After ‘Inception’ Attack, New Due Diligence Requirements Are Needed

Researchers investigating a supply chain attack disclosed by 3CX in March found it had an unusual and alarming origin: another company’s supply chain attack. With the root of the “Inception” attack further removed than expected, the 3CX scenario has rattled information security professionals, given the implications of just how far out of their control the security of their software may be — and the realization that doing everything right may, in some cases, not be enough in a world with so many interdependencies. An attack like this at scale might resemble a spreading virus, propagating from one point of origin and spreading from one connected community to the next. It’s troubling to think just how deeply buried bad actors may lurk in your environment.

How It Came to This

The accelerating rate of digitization in recent years and an expanding threat landscape have outpaced the rate of talent development. The 2022 “Cybersecurity Workforce Study,” released by (ISC)2 in January, noted a “worldwide gap of 3.4 million cybersecurity workers.” In another recent survey, more than four in five companies reported having fewer than five in-house security analysts, or not enough to run their security operations center (SOC). As a result, organizations have increasingly looked to external vendors to provide essential services. 

The 3CX attack is just the latest to shine a light on how vulnerabilities can arise in an enterprise’s software supply chain. In a July 2022 survey by the Neustar International Security Council, nearly three-quarters (73%) of information security professionals believed they or their customers were somewhat or significantly exposed, due to increased integration with third-party providers.

New Rules for Managing Risk

Enterprises can implement a host of measures to reduce risk in their supply chain ecosystem.

To start, standardized information gathering (SIG) questionnaires may be posed to potential new partners to understand the security controls they have in place. Third-party evaluation services may also be engaged to provide additional perspective during due diligence.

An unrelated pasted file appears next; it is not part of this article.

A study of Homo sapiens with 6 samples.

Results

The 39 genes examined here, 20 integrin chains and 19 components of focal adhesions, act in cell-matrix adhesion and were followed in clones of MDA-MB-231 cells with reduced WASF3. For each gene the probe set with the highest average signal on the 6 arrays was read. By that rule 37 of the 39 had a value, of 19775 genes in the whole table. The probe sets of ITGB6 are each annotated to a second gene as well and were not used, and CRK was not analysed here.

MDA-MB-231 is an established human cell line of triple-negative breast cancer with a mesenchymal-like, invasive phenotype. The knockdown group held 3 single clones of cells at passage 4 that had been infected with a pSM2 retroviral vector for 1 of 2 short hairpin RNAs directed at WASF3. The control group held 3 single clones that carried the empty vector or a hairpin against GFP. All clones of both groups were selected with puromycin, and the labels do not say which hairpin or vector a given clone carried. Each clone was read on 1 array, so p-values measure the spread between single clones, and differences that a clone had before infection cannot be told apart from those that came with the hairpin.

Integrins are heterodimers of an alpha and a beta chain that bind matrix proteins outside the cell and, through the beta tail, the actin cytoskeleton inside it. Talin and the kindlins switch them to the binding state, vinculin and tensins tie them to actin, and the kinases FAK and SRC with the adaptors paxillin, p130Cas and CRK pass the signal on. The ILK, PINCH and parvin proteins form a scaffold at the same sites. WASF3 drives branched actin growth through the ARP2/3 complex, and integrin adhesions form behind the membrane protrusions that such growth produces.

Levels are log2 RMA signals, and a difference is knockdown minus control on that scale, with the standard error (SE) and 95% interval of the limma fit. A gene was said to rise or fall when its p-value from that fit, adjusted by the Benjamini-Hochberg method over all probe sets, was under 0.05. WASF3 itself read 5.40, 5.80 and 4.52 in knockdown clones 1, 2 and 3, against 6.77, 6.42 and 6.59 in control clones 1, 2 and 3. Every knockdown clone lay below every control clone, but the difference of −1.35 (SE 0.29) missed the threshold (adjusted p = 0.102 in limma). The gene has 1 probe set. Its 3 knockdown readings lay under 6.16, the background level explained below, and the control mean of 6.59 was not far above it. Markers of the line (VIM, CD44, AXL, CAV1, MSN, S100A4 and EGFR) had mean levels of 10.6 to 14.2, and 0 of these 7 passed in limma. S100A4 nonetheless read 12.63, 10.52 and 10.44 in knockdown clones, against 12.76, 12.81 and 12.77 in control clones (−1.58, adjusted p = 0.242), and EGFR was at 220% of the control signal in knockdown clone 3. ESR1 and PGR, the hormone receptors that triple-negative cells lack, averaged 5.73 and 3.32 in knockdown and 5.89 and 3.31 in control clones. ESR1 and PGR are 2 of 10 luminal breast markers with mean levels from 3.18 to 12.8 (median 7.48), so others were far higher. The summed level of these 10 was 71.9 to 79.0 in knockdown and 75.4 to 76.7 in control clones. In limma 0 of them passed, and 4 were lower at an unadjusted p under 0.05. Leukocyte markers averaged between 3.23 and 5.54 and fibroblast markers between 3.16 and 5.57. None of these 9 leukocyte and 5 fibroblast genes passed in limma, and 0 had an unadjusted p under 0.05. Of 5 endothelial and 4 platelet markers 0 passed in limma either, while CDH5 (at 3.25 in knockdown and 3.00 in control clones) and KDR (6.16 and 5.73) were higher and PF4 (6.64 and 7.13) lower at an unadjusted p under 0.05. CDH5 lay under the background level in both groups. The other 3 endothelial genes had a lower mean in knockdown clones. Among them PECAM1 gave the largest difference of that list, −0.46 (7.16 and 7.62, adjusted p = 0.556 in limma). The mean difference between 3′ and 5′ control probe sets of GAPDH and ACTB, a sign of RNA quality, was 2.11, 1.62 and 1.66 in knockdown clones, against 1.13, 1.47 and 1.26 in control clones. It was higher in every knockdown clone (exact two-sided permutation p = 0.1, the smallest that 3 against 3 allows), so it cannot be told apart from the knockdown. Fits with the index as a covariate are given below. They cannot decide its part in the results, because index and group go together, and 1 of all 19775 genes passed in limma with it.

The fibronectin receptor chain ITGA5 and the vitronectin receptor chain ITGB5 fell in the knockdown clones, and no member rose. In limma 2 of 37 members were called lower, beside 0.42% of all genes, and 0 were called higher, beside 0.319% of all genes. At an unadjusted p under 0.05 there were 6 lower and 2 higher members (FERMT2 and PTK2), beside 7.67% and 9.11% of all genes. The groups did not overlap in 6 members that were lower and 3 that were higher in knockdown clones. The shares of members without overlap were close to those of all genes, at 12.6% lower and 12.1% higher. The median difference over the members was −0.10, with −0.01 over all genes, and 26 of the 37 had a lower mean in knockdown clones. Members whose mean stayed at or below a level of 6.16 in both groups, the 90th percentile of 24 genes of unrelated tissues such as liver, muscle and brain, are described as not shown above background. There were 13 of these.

Suppliers that win a contract must be held accountable for meeting clearly defined security standards, with regular audits required at least annually. This can help enterprises determine whether suppliers are fulfilling their obligations and maintaining the necessary controls to reflect current best practices. 

Importantly, organizations must always maintain a complete picture of their partner ecosystem. Engaging in more rigorous preventive measures and contractually obligating partners to hold themselves to security standards equal to or greater than what you apply to your business are important steps to help ensure partner relationships don’t become vectors for risk.

While these can be highly effective risk reduction measures, they will not eliminate risk altogether. Organizations must also have a strong strategy in place for visibility, detection, and mitigation around compromised systems, including those provided by supply chain partners. There is one thing that all compromised systems have in common: Whether to deliver information or to download additional malicious content, compromised machines will periodically beacon out to their masters for further instruction. Layered endpoint, network, and protective DNS security solutions can be used to proactively monitor for beaconing, block it, and provide notifications to security operations.

Cooperation Is Required to Continue Making Progress

The burden of responsibility for reducing supply chain risk historically has been on the victim, with the onus on individual enterprises to prevent their own fate, rather than on the parties responsible for releasing insecure software in the first place. It is time for that paradigm to shift, and the Biden administration’s recently announced National Cybersecurity Strategy, which aims to recalibrate this dynamic, is a significant step in the right direction.

The strategy is centered around five pillars, the third of which is to “shape market forces to drive security and resilience.” It is here that the heavy burden of security is lifted from end users and shared with the vendors who introduce vulnerable software to the marketplace. Too often, the strategy notes, “software makers are able to leverage their market position to fully disclaim liability by contract.”

This pillar reinforces progress already made in the industry, where development life-cycle practices are improving to include security at a much earlier stage in product development. Its intent is to compel investment and encourage vendors to follow secure-by-design principles and engage in pre-release testing. These practices will go a long way in ensuring the integrity of products flowing into the market. 

In today’s hyperactive threat landscape, it is imperative that supply chain vendors work together with their enterprise clients to identify and address breaches. Vendors investing in sound design and committing to transparency will help their clients reduce their risk exposure and operate with confidence. Good cybersecurity hygiene is everyone’s responsibility, so forging a new dynamic of shared accountability is not only a good idea, it’s the right thing to do.